Al Gromer Khan: Sufi
One feels drawn to certain types of persons with certain preferences: rose oil from exquisite flasks, and sandalwood oil, types of sound, the sky on 'wide open sky days'. One tries to make spiritual sense of the bizarre cultural setting that one finds oneself in.
One draws inspiration from the East, knowing well that the East is more than ready to sell out. One emotionally connects with the former periods of Islam, feels at home in and inspired by the intricacies of Persian and Arabic art and design and irresistibly drawn to the sufis, the ecstatic freewheelers.
The intense poetry of longing of the sufi will somehow find its way, independently from, and transcending- or should I say: 'trance-scending' tradition, culture, and color of skin. Why is it that, when thinking of the great saints of India like Zipra Baba of Nasirabad, Meher Baba, Swami Samarth, Nityananda of Ganeshpuri, Sai Baba of Shirdi, Nizam ud-din Auliya, one never even begins to think of their respective original religion? How many of those giants of spirituality, would you say, were Muslims? Does it matter? No. Why not try and connect with them directly, without concerning ourselves with their original religious backgrounds?
The one person to translate music to a higher and universal plane and who bewitched my life so utterly with the high and intricate poetry inside music is sitar player Ustad Vilayat Khan; and when I spoke to him about sufism, he said, "my religion is music." This turn of phrase wasn't entirely new, but in the case of Vilayat Khan it gained new meaning: he managed to demonstrate how just a small fragment of music can open a door to another reality, turning it into a base for sadhana. That's the kind of sufism I like: one that works from direct and authentic experience.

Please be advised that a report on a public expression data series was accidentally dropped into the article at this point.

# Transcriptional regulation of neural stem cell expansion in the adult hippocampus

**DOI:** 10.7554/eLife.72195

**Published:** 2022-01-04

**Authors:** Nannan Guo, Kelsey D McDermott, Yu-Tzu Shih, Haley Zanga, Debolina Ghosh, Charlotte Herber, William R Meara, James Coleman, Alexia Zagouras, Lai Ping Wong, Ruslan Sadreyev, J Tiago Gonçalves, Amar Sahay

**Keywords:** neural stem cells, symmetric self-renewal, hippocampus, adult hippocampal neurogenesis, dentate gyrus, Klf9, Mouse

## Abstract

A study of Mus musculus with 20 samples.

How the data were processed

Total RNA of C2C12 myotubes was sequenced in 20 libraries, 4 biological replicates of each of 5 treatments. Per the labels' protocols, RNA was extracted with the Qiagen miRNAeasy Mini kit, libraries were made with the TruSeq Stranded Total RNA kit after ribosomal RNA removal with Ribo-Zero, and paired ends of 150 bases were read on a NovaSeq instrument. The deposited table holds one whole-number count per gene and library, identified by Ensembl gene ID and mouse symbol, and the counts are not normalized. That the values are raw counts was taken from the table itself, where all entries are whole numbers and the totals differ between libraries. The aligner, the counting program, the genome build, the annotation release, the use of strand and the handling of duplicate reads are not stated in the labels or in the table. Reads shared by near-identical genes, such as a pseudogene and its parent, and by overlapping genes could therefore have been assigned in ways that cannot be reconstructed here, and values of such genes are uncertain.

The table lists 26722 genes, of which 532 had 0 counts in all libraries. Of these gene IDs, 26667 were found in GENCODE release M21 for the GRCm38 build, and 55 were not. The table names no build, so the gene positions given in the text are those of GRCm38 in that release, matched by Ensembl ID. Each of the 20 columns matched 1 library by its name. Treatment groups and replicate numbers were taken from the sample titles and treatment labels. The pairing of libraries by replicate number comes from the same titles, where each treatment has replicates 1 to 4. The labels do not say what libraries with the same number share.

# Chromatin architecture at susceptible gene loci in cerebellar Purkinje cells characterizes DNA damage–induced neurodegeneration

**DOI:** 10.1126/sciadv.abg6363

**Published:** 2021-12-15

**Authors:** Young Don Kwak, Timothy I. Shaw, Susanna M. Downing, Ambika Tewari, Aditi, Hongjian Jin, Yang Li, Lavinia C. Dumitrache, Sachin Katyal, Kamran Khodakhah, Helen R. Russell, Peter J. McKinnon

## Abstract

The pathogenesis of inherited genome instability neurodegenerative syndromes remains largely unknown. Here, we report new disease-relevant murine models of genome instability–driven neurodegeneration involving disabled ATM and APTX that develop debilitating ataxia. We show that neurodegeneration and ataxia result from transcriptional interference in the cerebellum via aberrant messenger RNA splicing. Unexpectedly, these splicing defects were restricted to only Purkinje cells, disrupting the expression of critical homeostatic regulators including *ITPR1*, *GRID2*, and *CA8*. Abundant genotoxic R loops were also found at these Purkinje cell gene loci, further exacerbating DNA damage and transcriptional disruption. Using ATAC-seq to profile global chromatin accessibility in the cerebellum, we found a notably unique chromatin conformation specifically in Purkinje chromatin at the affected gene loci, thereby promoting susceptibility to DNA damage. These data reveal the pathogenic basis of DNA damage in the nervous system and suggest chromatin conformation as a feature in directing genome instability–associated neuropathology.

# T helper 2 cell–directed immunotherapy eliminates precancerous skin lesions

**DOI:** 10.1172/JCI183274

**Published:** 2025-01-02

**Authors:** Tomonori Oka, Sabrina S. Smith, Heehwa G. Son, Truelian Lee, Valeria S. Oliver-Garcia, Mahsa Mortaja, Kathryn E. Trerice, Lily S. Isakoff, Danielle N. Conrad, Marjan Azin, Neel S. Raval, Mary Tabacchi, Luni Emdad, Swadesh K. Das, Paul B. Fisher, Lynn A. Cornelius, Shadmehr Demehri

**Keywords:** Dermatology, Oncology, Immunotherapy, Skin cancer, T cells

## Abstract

A Gromer Khan is a German-born sitar master with eleven best-selling albums to his credit; his unique style of performance, selfclescribed as Paisley Music - traditional Indian melodies intertwined with electronic ambient keyboards has won him international acclaim.
With Bellydancing fast becoming a popular form of dance experience and self-expression, the leading teacher and practitioner, Amira, has carefully selected tracks from the world renowned stars of Egyptian music, Phil Thornton and Hossam Ramzy. Both artists fuse modern and traditional eastern instrumentation into musical scores that define the mood, tempo and culture of this distinctive genre. From the light, floating melodies, to exuberant earthy percussion, these masterful arrangements set the tone for both solo practice and group performance. This collection features tracks from the albums Eternal Egypt, Immortal Egypt and Enchanted Egypt.